Braindumps - How they can kill your career





While the majority of test takers would baulk at the idea of cheating in an exam, it doesn’t take much of an imagination to see why others might readily jump at the chance, particularly when braindumps are so easy to come by. Increased competition for jobs, the downturn in the economy (and therefore the contraction of the I.T. market), the high cost of certifications, the increasing scope of certifications, the need to constantly update certifications and so on. In some cases perhaps even a person’s complete livelihood may depend on getting a job or staying in a job, and it’s certainly easy to see the lure of braindumps to those who come from less affluent backgrounds when the promise of a high-paid I.T. career can be seen as the ticket to a much better life.

Of course, none of this condones the practice of using braindumps, but it’s not a straight line with the vendors on one side and the test takers on the other. It’s much more blurred than that with training companies, VAR’s, testing centers, website operators, employers, and so on all having their own agendas. For example, where should the blame lie if a training company, in order to boost their passing rates, hand out braindumps to their unwitting students at the conclusion of their training courses? Irrespective of who is to blame in such a scenario, it is increasingly the student who will pay the price.

Vendors have a very large investment to protect and now, lead by some of the industry’s heavyweights like Microsoft and Cisco, they’re fighting back - and they have a number of weapons in their arsenal; routinely changing exam questions, moving more to performance-based testing, introducing statistical analysis and going after the sites that provide braindumps are but a few of the more recent measures being undertaken. But at the end of the day it’s much easier to go after the exam taker so Microsoft, for example, now hands down a lifetime ban in any of their certification programs for anyone caught cheating – and that includes the use of braindumps. Other vendors enforce different penalties, such as a time out period of one year, but expect more and more vendors to adopt a similar stance to Microsoft. Furthermore it’s reasonable to expect greater cooperation between the various vendors in the years to come. There might conceivably come a day when a lifetime ban with Microsoft comes with a lifetime ban from other vendors as well, or at the very least the sharing of a ‘watch list’ or something similar. While at the moment vendors don’t share specific information about individuals with each other there is widespread agreement from the major (and minor) players that exam fraud is a major concern that affects the whole industry. It’s in their interests therefore to work together.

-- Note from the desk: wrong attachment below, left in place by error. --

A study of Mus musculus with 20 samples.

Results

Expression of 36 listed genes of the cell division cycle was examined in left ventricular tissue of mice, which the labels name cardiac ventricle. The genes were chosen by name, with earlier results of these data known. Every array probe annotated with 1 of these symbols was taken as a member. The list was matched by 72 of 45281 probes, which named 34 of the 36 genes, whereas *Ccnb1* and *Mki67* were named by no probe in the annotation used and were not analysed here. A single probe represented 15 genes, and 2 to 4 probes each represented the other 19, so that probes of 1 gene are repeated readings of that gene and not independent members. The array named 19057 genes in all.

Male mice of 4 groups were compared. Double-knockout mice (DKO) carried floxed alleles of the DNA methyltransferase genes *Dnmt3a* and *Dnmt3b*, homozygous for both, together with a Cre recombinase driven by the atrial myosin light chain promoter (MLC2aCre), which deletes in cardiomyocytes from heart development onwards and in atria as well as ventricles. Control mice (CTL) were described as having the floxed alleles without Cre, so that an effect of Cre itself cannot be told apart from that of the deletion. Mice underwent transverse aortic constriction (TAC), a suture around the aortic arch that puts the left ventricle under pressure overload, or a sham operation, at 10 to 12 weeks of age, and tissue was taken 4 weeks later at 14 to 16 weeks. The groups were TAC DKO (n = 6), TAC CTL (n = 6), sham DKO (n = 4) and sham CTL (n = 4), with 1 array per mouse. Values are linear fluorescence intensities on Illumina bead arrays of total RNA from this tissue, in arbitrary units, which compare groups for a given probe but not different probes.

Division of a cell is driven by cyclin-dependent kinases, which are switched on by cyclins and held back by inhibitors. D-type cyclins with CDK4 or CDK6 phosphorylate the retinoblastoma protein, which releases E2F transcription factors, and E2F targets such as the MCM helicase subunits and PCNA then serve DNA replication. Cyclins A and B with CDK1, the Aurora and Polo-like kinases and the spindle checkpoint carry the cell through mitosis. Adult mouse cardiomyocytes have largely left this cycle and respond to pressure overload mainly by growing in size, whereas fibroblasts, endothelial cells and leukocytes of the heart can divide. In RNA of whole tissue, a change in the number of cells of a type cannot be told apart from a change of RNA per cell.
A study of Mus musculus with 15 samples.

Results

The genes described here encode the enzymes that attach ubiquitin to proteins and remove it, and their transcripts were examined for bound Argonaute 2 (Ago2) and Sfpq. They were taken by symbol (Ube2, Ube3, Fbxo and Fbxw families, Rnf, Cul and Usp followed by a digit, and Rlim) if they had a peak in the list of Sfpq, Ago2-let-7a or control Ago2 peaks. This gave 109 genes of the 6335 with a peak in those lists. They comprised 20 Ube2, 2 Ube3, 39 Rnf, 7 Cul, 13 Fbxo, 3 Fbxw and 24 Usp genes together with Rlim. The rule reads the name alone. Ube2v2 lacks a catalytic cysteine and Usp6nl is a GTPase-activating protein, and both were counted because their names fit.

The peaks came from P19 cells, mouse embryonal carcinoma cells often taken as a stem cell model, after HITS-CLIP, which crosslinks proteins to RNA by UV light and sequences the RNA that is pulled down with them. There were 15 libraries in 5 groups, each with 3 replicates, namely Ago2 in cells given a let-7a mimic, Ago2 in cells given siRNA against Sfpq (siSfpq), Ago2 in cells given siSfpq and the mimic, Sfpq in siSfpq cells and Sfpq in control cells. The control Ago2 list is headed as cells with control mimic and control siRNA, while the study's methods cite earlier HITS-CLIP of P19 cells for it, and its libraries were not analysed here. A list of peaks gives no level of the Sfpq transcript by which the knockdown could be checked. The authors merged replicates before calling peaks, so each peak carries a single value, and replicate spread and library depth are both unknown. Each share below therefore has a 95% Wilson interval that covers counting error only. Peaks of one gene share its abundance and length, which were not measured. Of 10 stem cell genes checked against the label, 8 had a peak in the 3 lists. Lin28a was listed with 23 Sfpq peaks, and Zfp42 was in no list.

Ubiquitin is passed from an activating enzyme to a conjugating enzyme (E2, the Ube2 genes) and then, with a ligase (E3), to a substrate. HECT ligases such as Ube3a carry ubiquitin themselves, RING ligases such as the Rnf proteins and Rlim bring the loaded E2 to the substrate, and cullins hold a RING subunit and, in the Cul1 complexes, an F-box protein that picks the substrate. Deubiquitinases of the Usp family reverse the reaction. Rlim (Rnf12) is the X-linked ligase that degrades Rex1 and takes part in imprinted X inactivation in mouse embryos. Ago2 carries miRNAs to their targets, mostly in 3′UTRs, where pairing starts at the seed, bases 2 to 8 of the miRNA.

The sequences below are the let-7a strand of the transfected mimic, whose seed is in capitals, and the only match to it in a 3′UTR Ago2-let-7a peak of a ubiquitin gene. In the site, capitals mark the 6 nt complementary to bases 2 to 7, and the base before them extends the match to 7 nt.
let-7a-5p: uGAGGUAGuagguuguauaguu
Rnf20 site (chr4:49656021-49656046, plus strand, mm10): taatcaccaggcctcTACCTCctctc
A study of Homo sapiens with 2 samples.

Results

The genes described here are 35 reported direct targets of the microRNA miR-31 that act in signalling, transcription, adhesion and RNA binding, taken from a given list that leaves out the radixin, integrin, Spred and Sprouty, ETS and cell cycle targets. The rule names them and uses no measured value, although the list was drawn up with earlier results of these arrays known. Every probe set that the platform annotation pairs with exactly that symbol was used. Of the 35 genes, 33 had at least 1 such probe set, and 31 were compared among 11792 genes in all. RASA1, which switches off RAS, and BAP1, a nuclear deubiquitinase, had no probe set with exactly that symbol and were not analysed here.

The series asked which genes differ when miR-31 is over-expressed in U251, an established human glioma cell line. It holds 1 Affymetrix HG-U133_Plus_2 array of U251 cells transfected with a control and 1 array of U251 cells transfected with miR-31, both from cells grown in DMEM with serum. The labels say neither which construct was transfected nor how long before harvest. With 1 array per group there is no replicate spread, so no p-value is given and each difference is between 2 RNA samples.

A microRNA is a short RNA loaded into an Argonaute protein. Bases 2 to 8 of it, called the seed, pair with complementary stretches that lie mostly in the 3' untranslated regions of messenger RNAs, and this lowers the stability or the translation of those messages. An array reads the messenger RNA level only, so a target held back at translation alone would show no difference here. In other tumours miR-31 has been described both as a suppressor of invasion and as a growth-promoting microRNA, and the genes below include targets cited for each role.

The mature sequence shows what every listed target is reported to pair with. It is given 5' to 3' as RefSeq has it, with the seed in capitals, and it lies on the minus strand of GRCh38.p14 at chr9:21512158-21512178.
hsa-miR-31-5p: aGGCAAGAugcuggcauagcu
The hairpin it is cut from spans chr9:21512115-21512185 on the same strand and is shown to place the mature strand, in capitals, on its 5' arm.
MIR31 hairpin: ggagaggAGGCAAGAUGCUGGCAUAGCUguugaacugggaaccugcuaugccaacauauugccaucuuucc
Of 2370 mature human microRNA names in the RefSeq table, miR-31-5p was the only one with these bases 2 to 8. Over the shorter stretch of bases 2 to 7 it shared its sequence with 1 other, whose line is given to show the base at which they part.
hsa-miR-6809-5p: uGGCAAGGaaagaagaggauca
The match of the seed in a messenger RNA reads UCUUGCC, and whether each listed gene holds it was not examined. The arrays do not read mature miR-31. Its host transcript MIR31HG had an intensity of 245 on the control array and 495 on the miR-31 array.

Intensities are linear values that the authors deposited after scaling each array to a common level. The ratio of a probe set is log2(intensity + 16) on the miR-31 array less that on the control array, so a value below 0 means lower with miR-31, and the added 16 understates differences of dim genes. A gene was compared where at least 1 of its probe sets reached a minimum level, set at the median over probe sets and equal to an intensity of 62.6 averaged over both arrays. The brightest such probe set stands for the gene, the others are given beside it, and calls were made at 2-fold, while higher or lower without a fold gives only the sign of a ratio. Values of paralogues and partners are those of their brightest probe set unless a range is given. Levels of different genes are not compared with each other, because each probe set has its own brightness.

The biggest concern by far however from a candidate’s point of view is the increasing use of data forensics to catch out fraudulent exam takers. Exam data forensics is the use of historical data to compare against test results to look for evidence of fraudulent activity. The forensic algorithm takes into account a number of factors from a candidate’s exam performance and compares that against the historical trend, with certain benchmarks acting as red flags. The reasoning is that candidates who go into the exam with certain prior knowledge of the content of that exam are likely to display certain characteristics in the way they answer questions and progress through the exam. It is these characteristics that the forensic algorithm looks for.